Playbooks are at the heart of the Cortex XSOAR system, which enable you to automate many security processes, including handling investigations and managing tickets. You can structure and automate security responses that were previously handled manually. For example, you can use playbook tasks to parse the information in the incident, whether it is an email or a PDF attachment. You can interact with users in your organization using communication tasks, or remediate an incident by interacting with a third-party integration.
Playbooks have different task types for each of the actions you want to take. Manual tasks can be used where an analyst needs to confirm information or escalate an incident. Conditional tasks can be used with a loop to check if certain information is present, so that you can proceed with the investigation. Playbook tasks can open tickets in a ticketing system, such as Jira, detonate a file using a sandbox, etc.
When building your playbook, keep in mind the following:
What actions do you need to take?
What conditions apply along the way? Are these conditions manual or automatic?
Do you need to include looping?
Are there any time-sensitive aspects to the playbook?
When is the incident considered remediated?
Playbook tasks are the building blocks of playbooks. With tasks, you can run automations and sub-playbooks, communicate with end users, set conditions, and store relevant data. Tasks can be reused across playbooks and you can copy, cut, paste, and delete tasks within or between playbooks using keyboard shortcuts. You can also open a sub-playbook task and click Open sub-playbook and the sub-playbook opens in a new tab.
To open multiple playbooks at the same time, edit the first playbook and then click the + symbol next to the playbook name to create a new tab. You can either create a new playbook, or add an existing one.
Cortex XSOAR supports different task types for the different aspects of the playbook. Each task type requires different information and provides different capabilities. You should choose your task type based on what you want to accomplish in the task. For example, for enrichment, you might want to run an enrichment sub-playbook or a command that returns additional information for an indicator. If you are at a fork in your decision tree, you should use a conditional task to help you determine which path to choose.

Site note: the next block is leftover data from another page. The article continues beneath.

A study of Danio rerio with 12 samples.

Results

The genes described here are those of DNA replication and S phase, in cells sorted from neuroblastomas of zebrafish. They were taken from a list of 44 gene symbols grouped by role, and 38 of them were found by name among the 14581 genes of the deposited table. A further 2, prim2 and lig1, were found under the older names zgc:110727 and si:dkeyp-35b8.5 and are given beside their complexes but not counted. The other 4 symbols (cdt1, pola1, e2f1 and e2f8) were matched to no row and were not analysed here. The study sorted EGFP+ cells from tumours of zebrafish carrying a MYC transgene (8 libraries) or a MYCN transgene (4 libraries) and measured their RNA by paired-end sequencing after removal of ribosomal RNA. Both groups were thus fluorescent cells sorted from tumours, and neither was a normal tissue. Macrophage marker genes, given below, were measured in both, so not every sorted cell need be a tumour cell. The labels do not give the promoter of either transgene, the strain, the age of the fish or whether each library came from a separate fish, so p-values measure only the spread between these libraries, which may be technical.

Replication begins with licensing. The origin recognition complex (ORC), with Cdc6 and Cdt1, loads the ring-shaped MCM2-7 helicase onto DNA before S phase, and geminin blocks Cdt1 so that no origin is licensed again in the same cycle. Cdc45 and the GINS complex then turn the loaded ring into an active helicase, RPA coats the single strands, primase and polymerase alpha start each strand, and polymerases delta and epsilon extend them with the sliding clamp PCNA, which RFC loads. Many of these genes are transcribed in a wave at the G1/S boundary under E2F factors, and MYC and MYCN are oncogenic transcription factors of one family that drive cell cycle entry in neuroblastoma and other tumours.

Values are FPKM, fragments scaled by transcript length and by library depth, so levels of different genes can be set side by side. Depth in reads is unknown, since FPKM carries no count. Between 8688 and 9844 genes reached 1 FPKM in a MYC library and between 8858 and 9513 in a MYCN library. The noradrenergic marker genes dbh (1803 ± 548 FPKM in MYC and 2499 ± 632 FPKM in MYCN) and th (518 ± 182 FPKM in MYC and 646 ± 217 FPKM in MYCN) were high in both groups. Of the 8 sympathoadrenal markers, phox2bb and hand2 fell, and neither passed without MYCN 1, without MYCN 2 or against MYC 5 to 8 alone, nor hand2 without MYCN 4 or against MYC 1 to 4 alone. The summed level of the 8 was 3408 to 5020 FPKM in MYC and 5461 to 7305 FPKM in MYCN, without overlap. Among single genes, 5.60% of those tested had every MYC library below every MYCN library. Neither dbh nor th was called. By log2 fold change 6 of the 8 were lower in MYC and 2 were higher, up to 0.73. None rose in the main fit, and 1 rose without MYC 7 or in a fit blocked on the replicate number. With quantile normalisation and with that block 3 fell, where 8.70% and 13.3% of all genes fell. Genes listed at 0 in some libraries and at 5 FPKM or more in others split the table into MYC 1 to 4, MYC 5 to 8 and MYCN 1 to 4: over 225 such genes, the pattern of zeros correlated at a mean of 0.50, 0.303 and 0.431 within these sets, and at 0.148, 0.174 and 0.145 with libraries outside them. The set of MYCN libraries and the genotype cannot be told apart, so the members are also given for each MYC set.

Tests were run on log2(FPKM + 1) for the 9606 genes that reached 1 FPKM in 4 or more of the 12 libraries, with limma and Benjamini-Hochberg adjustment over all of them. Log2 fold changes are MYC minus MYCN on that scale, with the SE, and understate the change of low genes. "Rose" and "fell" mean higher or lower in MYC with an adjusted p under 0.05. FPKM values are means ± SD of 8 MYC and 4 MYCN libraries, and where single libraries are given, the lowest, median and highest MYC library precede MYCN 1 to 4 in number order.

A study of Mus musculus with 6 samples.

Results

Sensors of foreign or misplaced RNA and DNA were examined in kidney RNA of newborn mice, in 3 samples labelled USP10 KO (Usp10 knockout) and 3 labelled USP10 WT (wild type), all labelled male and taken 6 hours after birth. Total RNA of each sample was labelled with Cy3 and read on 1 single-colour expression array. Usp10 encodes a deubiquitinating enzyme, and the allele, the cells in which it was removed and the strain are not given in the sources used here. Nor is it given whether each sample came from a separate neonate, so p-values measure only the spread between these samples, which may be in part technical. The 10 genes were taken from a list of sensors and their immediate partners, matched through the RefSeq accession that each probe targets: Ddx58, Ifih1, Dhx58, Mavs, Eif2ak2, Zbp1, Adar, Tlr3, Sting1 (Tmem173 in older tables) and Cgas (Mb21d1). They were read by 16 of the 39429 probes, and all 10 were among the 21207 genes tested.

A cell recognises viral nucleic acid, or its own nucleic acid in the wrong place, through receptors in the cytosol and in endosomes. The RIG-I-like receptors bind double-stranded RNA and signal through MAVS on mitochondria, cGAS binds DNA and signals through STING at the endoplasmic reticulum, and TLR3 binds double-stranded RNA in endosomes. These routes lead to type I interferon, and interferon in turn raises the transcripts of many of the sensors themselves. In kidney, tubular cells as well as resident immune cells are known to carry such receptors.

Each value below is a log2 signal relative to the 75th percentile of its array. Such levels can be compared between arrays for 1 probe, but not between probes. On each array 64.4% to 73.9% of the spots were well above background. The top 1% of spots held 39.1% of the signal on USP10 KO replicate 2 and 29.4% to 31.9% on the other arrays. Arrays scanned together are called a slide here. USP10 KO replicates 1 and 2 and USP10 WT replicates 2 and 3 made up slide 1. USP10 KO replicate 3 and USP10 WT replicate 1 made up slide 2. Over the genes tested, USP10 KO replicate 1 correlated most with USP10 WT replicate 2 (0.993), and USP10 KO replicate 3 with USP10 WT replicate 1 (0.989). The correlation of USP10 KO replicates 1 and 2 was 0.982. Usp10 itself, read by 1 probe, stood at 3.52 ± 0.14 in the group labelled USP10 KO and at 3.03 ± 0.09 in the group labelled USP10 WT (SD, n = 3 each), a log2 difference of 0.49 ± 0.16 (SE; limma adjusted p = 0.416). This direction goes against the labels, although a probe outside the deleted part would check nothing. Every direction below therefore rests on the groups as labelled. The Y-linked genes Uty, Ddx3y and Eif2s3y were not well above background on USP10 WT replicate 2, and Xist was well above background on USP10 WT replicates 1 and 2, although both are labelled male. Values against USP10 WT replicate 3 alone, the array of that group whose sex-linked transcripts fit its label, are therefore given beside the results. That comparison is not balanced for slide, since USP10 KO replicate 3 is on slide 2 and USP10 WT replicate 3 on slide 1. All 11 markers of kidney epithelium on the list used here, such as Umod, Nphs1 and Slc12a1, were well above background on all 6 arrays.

You can use the following task types:
Standard tasks (including manual and automated tasks)
Data collection tasks
Inputs and Outputs
Depending on the task type that you select, and the script that you are running, your playbook task has inputs and outputs.
Inputs are data pieces that are present in the playbook or task. The inputs are often manipulated or enriched and they produce outputs. Outputs are objects whose entries will serve the tasks throughout the playbook, and they can be derived from the result of a task or command.
Playbooks can be divided into two categories, depending on their use.
Parent playbooks are playbooks that run as the main playbook of an incident. For example, Phishing - Generic v3 and Malware Investigation & Response Incident handler.
Sub-playbooks are playbooks that are nested under other playbooks. They appear as tasks in the parent playbook flow and have a book icon. A sub-playbook can also be a parent playbook in a different use case. For example, IP Enrichment - Generic v2 and Retrieve File From Endpoint – Generic. These playbooks are usually used as part of a bigger investigation.
As sub-playbooks are building blocks that can be used in other playbooks and use cases, you should define generic inputs for them.
Inputs can be passed to sub-playbooks from the parent playbook, used and processed in the sub-playbook, and sent as output to the parent playbook. For more information about passing context data between playbooks, see Incident Context Data.
Any change made to a sub-playbook impacts the parent playbook in the next run of the parent playbook.
You can map output from a playbook task directly to an incident field. This means that the value for an output key populates the specified field per incident. This is a good alternative to using a task with a set incident command.
Attach and Detach Playbooks
When installing a playbook from a content pack, by default the playbook is attached, which means that it is not editable (apart from some input values).
To edit the playbook, you need to detach or make a duplicate. While it is detached, the playbook is not updated by the content pack. This may be useful when you want to update the playbook without breaking customization. If you want to update the playbook type through content pack updates, you need to reattach the playbook, but any changes are overridden by the content ack on upgrade. If you open an attached playbook in a tab, it can be detached from within the editor page.
If you want to keep the changes, duplicate the playbook before reattaching it.
Playbook Content Management
In Cortex XSOAR, you can develop and test your playbook content on other machines before using it in a production environment. You can do this by using one of the following options:
The remote repository feature in the UI
The CI/CD process
For more information about content management for Cortex XSOAR, see Remote Repositories.